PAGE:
Community Research and Development Information Service - CORDIS


PROduCTS Report Summary

Project ID: 614768
Funded under: FP7-IDEAS-ERC
Country: Switzerland

Periodic Report Summary 2 - PRODUCTS (Predicting environment-specific biotransformation of chemical contaminants)

PROduCTS seeks to improve our ability to predict rates and products of microbial biotransformation for a broad variety of chemical contaminants accurately. This is essential for chemical risk management but also in the context of contaminated site remediation or the development of green chemical alternatives. To achieve this goal, research in PROduCTS is focused on explaining observed variability in biotransformation rates and pathways through the metabolic potential of the involved environmental microbial communities. The central hypothesis of this research is that reactions rather than substrate structures should become the core element of biotransformation prediction because similar biotransformation reactions are expected to be catalyzed by similar enzymes. Therefore, these reactions should show a similar dependency on environmental conditions and the metabolic potential of the communities shaped by those conditions.
Several results in working towards this goal have been achieved so far. First, has been developed as a central resource for conveniently storing and predicting contaminant biotransformation pathway and rate information. In this new environment we have encoded the Eawag-Soil data package, containing regulatory soil degradation information (half-lives, pathways, and metadata on study conditions) for 282 pesticides, including 1619 compounds and 4716 biotransformation half-lives. A chemical space analysis has shown that these data significantly increased coverage towards polar, multifunctional contaminants and should therefore facilitate the development of more accurate biotransformation prediction models for many classes of chemicals of current concern for water resources. Eawag-Soil is further unique in that it contains both reaction and half-life information collected under different, yet consistent experimental conditions. Ongoing research therefore groups chemicals in Eawag-Soil into classes of biotransformation reactions and explicitly tests the hypothesis that chemicals undergoing the same dominant biotransformation reaction show similar dependencies on study conditions.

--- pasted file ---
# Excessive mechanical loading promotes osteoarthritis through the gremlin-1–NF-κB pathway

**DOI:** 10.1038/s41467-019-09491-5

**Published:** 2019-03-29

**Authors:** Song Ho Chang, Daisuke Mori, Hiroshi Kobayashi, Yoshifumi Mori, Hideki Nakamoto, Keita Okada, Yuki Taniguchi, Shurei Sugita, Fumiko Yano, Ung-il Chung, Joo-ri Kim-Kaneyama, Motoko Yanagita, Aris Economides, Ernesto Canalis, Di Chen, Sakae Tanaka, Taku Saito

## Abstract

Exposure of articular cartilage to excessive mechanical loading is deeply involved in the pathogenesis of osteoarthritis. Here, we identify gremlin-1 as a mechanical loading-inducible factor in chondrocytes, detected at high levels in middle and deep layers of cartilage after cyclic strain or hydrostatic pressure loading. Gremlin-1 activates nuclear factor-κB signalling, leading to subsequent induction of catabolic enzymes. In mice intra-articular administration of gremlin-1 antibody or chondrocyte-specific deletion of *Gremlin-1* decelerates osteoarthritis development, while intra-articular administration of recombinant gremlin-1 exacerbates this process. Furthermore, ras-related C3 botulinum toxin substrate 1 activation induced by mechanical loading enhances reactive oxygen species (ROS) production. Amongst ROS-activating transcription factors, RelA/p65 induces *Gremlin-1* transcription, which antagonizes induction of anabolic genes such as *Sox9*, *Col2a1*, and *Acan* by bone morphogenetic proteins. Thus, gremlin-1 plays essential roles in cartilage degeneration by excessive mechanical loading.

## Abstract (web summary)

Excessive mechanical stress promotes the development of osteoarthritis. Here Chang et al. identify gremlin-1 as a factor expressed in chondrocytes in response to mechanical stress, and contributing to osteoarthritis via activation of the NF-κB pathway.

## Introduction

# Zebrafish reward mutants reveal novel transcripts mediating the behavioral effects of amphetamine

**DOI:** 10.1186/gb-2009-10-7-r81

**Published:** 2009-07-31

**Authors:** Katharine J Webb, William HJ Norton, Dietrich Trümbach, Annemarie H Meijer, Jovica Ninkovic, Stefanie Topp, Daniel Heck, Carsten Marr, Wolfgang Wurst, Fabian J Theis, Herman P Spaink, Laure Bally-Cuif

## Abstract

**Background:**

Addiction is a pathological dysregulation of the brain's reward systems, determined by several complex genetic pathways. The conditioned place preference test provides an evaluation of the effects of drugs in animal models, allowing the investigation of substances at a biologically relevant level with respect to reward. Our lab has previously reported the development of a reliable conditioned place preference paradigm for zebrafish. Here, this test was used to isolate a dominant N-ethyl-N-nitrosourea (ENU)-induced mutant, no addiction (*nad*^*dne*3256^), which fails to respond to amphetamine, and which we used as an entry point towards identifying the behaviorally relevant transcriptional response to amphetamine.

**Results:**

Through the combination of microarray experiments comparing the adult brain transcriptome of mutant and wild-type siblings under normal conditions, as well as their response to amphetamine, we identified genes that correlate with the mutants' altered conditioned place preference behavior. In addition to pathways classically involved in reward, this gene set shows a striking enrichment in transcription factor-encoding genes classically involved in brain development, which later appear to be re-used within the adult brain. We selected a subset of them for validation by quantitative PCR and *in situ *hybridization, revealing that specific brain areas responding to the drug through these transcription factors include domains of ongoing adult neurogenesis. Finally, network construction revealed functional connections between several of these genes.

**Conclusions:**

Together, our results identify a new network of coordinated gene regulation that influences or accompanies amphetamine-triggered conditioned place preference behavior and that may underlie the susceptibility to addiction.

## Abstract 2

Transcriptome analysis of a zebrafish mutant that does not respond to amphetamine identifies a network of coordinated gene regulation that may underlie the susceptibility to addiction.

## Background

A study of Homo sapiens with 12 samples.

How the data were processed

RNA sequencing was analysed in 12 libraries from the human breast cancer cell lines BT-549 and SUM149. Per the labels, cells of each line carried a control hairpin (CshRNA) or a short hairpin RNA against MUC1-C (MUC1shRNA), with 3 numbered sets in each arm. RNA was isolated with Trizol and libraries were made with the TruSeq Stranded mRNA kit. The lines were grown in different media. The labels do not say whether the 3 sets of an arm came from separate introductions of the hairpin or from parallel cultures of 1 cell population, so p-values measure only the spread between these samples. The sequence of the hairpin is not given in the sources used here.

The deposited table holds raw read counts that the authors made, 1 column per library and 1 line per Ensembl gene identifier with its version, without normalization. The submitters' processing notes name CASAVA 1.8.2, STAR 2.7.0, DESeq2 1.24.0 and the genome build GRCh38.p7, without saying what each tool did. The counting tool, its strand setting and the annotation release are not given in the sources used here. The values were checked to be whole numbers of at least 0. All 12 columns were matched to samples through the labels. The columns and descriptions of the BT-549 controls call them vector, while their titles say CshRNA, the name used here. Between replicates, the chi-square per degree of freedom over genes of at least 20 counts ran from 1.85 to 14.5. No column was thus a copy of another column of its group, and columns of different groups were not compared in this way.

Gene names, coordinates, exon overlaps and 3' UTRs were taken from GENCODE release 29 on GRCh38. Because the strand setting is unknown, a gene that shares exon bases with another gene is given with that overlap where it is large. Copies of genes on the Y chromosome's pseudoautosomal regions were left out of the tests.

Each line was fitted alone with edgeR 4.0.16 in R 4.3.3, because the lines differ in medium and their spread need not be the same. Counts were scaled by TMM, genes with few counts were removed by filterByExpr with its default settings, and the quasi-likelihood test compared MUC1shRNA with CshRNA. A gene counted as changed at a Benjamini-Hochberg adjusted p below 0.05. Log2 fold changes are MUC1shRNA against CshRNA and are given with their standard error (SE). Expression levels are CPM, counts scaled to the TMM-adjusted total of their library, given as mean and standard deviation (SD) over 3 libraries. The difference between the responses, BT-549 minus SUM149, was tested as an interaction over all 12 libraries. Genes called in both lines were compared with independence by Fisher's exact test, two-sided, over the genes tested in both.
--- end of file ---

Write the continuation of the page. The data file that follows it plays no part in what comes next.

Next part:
Second, experimental biotransformation studies have been designed to further test the central hypothesis and simultaneously identify classes of enzymes potentially responsible for catalyzing relevant types of contaminant biotransformation reactions. A “contaminant test battery” has been developed with ~80 chemicals that cover ~10 expected major reactions and four types of bioreactor experiments (activated sludge or urine-fed) have been run with the contaminant test battery. These experiments have demonstrated largely consistent behavior between compounds undergoing the same biotransformation reaction across microbial communities adapted to different conditions (e.g., different sludge age or redox conditions) with stronger dependencies observed for oxidative transformations and less dependencies for substitution reactions. Through inhibitor experiments we could reject the hypothesis that nitrifying bacteria were mostly responsible for improved oxidative biotransformation. Rather, conditions with little readily available carbon and favoring slow-growing organisms were identified as fostering oxidative biotransformation reactions.
Based on these findings and theoretical associations between observed reactions and genes as derived from mining of enzyme databases, ongoing research seeks associations between the observed trends in biotransformation reactions and taxonomic and gene expression data for our studied microbial communities to identify plausible candidate enzymes involved in contaminant biotransformation. This information, in turn, will feed back into our framework for biodegradation prediction to render it more community or environmental condition-specific and hence more accurate.